Major push planned for Indigenous tourism
COVID-19 Hospitality

In the peak month of August, when 84 per cent of local rooms were occupied in 2019, only 64.8 per cent were rented in 2020.

In October 2020, the most recent month for which operational data were available, just 47.4 per cent of rooms were occupied, compared to 73 per cent in the same month last year.

With the average daily rate of a hotel room slashed $17.81 to $104.44, revenue per available room was $49.48, compared to $89.24 in October, 2019.

Among other initiatives, Tourism Sault Ste. Marie is working on a major push for Indigenous tourism:

  • working with Canoes for Conservation, Shingwauk Residential School Centre and Indigenous Tourism Ontario on new programming available for 2021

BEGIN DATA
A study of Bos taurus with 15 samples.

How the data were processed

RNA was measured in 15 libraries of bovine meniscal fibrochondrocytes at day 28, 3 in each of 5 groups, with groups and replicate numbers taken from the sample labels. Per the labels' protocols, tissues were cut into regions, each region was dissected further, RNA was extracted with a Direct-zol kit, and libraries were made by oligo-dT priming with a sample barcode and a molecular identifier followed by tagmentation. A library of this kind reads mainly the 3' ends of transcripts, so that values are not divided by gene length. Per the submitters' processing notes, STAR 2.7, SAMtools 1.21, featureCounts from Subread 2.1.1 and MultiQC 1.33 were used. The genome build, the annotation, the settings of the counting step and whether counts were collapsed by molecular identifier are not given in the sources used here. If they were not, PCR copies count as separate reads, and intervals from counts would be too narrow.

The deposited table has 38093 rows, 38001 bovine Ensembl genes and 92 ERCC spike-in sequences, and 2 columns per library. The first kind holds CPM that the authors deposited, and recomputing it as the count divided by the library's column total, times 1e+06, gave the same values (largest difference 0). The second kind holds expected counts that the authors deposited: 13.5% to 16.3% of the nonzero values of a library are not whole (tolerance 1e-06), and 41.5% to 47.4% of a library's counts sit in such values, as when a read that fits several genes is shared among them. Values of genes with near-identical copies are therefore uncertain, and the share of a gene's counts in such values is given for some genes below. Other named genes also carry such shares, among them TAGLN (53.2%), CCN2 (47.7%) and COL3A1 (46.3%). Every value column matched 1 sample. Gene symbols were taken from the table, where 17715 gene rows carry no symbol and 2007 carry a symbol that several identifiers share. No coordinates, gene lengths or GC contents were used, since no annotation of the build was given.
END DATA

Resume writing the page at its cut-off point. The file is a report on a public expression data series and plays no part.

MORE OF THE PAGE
• city staff have been assisting with development of programming for the Metis Nation of Ontario Cultural Centre
  • working with Ermatinger-Clergue National Historic Site on an Indigenous dining theatre program
  • researching new locations for Indigenous all-terrain vehicle tours and programming for 2021

Directors attending the Jan. 7 meeting were told that while CN wants to start operating the Agawa Canyon Tour Train June, the rail giant has given no indication how many days a week the train will run at the beginning of the season.

CN has told Tourism Sault Ste. Marie that it expects to know by May 1 whether it will run tour trains in June.

David Helwig

About the Author: David Helwig

David Helwig's journalism career spans seven decades beginning in the 1960s. His work has been recognized with national and international awards.